Amidst the celebrations of the 75th anniversary of VE Day, there is little reference to what happened after the end of the war in Europe. The killing did not stop on 8th May 1945, across Europe, hundreds of thousands more people were to die. In some cases, perhaps the killings would be seen as a just punishment for the atrocities those killed had committed. In other cases, the cold-blooded slaughter of men, women and children was a further war crime to add to the litany of those already committed.
In France, some ten thousand people died in reprisal killings, in Italy, twenty thousand Fascist sympathisers were summarily killed. The worst atrocities were against German-speaking minorities. The BBC History Extra website carries the story of one such incident:
In the summer of 1945, a train carrying refugees pulled out of a station in what’s now Slovakia, heading for Germany. Its passengers were German speakers being expelled from the country – in the wake of the Second World War, Czechoslovakians no longer wanted such people living in their midst.
When the train passed through the town of Přerov in Moravia it was brought to a halt. The head of the local militia, a man named Karol Pazúr, forced everyone to disembark, claiming he wanted to carry out a search for former Nazis hiding among the passengers.
When they stepped down from the train, Pazúr and his men lined them up and shot them all. The dead included 71 men, 120 women and 74 children. The youngest victim was just eight months old.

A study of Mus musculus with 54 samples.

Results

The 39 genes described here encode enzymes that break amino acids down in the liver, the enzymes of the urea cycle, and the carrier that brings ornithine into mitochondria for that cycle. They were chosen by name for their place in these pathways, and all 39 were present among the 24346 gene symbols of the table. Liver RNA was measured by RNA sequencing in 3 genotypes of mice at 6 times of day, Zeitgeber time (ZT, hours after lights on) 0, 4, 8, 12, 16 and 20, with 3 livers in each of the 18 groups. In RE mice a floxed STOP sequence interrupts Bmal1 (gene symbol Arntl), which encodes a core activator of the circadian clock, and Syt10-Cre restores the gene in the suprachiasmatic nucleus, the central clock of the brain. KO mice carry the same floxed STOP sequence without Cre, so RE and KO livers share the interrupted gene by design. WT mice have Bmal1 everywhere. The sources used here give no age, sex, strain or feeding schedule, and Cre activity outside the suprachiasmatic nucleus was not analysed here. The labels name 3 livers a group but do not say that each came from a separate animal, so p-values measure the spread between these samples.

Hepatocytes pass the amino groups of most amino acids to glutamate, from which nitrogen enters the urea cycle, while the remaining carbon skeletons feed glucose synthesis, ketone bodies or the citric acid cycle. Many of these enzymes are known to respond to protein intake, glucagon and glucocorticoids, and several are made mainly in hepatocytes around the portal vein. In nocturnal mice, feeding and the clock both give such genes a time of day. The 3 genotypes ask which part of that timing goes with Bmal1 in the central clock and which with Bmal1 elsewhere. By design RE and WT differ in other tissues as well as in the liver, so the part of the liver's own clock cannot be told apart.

Perhaps the most notable fact about the Přerov massacre is that its protagonist was one of the very few Czechs ever to be arrested for such crimes. At his trial, Pazúr was asked how he could possibly justify the killing of the children. He is reported to have answered: “Well, what was I supposed to do with them after we’d killed their parents?” Nevertheless, after a brief spell in prison, Pazúr was pardoned. He promptly began a new career as a member of the communist secret police.
Among the stories of atrocities, there were also stories of hope. Hubert, a German friend in Dublin used to recount the arrival of refugees in his community during the closing months of the Second World War:
‘My father was away in the army somewhere. Perhaps in France? We did not know. My mother was trying to run the hotel. Our village had been granted a charter as a town in medieval times, but was really no more than a village.
One day a tide of people came through the streets: thousands and thousands of them from East Prussia and other places. A huge wave of refugees, walking, tired and exhausted. They had nothing and nowhere to go.
My mother let two hundred of them come into the hotel. Some were just happy to lie on the ballroom floor; there was no other space. People just lay down.
There was an old Catholic priest amongst them, trying to look after them. We lived in a Protestant village, there were only three Catholic families. We would have gone to Mass in the next village; it was a five kilometres walk.
The Protestant pastor in our village offered his church for the priest to use to conduct Mass for his congregation of refugees. The refugees remained, the Russians had conquered the East and no-one wanted to go to live under Communist rule. In seven years, the Catholics had gathered enough money to build a church’.
His story seemed a testimony to the power of human endurance. Impoverished, defeated, grieving, overwhelmed, the people of that community found it within themselves to welcome those who came from the east and build a future together.